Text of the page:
One of my favourite authors is Mary Hunt who has an online site called the Everyday Cheapskate.  When I have a few minutes I like to ready over her “Dear Mary” column or articles like http://www.everydaycheapskate.com/marys-perspective/paralyzed-by-too-many-choices/.

In my grandmother’s day most everything was done by hand and hard work but the one thing that they had was the gift of simplicity.  What I mean is that you knew what they would harvest, how to use the foods and what was expected.  You knew that when you went visiting you would be offered a fruit plaatz.  There would be relishes at the table, sliced meats and buns. You learned to cook the soups, stews and breads.  You knew how to succeed.  You had measurable goals and tried and true recipes.

Today we are awash of international fare that needs to be served on coordinated plating with themes that take into account vegan cooking, gluten free, wheat free, sugar free, cholestrol reduced, low cal, low carb., environmentally and socially sensitive foods.  No genetically modified please. Menu planning is like looking at a closet with thousands of separates. We can’t see what we have and we don’t know how they go together.   No wonder we stand frozen in the aisles unable to formulate a meal and head to the drive thru instead.  Yes we are condemning our bodies to a three mile island of toxic ruin but at least all our choices are on one board.

This month as I’ve been eating from my pantry there has been a certain freedom in restricting my choices.  I know what I have and what I can use. If I’ve gone to the store it is for milk, butter, or a red pepper.  It was almost like I was breaking the rules not to look to fill every empty spot with food I might want.

Yesterday part of the challenge was to remove one item from my wardrobe. I’d already sent out bags of clothes but I knew there was always more to go.  My fingers landed on a crushed velvet, 3/4 length shirt in shades of purples and grays.  It is beautiful. It fits but any time I put it on I tended to change out of it before I’d leave the room.  The few times I’ve worn it I feel blocky looking.  It was one more choice but it wasn’t adding anything to my life. Then I grabbed another piece and another.  It felt good.  I’ll admit that there was the old fear that if I let go of these piece I’d never be able to afford to replace them.  What I realized today is that choice is good but too much is a tyranny that can grind you to a halt.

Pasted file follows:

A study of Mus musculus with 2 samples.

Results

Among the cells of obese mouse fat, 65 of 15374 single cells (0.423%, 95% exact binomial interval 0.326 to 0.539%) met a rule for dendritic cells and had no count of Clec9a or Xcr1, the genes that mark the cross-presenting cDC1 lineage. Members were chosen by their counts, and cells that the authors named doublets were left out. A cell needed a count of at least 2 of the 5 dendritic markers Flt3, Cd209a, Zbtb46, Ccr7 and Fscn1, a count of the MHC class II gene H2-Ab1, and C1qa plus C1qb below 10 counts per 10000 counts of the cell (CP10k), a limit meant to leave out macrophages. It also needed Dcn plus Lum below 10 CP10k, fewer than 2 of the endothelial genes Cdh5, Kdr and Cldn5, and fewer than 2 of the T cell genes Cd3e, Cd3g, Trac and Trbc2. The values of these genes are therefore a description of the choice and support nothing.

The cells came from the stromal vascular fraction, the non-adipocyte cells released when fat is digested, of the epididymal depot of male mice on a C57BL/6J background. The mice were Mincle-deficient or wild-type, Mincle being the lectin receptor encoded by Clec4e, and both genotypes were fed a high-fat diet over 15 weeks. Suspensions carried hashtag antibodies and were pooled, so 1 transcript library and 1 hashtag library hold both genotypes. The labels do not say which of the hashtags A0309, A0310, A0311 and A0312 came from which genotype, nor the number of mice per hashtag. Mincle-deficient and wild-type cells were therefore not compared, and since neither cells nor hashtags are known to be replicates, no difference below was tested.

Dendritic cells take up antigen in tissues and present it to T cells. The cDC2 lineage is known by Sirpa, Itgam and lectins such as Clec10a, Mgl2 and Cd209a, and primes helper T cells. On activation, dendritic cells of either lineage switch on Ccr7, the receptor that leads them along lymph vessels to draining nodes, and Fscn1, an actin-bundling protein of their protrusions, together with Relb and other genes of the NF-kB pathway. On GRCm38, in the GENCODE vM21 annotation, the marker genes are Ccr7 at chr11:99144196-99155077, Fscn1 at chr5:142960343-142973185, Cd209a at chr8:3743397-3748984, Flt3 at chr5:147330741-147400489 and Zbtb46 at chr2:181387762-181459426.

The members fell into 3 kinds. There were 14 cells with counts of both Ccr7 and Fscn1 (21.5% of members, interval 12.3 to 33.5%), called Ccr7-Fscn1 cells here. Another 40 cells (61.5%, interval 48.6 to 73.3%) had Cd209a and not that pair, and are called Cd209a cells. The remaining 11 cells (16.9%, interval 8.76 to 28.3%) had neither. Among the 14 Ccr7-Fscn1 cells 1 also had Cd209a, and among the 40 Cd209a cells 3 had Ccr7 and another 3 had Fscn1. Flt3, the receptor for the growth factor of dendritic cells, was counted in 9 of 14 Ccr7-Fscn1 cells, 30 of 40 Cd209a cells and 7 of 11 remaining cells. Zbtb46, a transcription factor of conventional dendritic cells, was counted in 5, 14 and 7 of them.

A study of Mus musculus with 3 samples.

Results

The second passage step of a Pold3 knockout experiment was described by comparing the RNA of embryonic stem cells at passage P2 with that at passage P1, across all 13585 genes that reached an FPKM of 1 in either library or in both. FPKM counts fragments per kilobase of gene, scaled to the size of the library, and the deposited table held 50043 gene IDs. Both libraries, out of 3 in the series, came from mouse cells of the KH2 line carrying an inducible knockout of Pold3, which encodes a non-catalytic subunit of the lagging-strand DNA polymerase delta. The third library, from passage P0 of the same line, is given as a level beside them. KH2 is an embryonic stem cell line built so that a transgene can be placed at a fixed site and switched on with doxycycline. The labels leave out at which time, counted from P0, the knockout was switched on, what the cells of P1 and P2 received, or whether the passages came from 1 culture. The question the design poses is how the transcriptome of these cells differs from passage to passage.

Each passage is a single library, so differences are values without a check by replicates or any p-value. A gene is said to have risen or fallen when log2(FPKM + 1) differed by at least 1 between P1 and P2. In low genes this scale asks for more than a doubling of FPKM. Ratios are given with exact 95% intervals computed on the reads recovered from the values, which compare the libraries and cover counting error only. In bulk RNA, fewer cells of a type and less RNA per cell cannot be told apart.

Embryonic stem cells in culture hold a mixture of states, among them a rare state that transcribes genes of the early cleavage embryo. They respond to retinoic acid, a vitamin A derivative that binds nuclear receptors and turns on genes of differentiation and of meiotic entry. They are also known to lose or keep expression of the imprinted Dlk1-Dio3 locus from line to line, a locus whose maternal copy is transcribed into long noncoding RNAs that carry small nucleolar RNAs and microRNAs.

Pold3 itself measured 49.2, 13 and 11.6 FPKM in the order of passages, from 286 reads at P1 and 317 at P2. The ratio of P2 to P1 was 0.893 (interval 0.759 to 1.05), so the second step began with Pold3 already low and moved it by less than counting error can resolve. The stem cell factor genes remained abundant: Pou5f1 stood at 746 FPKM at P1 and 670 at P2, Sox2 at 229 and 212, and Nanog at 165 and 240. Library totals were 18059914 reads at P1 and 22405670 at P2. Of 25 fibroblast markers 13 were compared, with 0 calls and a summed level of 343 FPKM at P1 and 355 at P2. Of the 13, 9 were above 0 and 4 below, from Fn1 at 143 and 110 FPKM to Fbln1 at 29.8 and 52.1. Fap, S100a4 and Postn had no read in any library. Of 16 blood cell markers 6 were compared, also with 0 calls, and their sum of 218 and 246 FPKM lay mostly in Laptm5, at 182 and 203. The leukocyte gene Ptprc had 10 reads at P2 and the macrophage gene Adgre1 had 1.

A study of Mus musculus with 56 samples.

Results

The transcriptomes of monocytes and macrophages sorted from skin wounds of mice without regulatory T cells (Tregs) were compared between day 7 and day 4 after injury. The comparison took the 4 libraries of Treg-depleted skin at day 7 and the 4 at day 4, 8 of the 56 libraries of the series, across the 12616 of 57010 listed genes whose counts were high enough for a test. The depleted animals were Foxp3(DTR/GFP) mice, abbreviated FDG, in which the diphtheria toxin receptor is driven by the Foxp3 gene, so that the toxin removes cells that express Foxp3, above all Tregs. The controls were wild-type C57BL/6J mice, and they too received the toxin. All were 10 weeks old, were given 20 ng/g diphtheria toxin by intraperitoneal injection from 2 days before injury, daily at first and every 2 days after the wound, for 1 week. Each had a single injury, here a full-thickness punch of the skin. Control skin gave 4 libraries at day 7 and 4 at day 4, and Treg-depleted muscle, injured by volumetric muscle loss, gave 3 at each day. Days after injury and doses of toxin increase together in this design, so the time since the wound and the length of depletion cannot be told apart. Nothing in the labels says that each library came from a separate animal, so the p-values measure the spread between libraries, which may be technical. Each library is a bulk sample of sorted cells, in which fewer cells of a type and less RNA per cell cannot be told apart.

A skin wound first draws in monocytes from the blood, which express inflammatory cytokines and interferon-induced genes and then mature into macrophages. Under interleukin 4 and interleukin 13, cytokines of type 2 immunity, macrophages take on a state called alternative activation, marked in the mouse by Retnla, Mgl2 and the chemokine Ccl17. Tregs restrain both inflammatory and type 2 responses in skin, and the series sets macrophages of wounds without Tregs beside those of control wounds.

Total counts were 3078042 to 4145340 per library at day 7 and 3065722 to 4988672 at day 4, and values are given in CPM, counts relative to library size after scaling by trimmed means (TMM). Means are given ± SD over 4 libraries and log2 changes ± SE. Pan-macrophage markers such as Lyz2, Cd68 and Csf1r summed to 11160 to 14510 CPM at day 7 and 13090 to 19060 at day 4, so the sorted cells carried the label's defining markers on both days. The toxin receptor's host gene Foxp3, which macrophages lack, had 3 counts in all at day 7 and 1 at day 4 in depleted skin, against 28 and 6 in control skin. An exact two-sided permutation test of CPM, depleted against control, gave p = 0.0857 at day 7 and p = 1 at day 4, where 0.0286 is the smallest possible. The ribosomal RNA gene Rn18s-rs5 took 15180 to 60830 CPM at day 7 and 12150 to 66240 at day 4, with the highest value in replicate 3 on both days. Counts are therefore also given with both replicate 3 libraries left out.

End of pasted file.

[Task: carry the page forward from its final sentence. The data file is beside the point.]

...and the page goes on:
Being free of the pressure to grab a deal, and to own it all can block your freedom and happiness.  I look forward to continuing to simplify my life through decluttering, narrowing my choices through donating and using what I have.  Today I ran out of fruit so I picked some of the remaining apples from our two trees.  It is nice to know what to serve for snacks and dessert.

Wishing you all lives free from the tyranny of stuff,  Deb

Miss you Oma.  Thanks for all you taught me and all I still have to learn from your beautiful and godly example.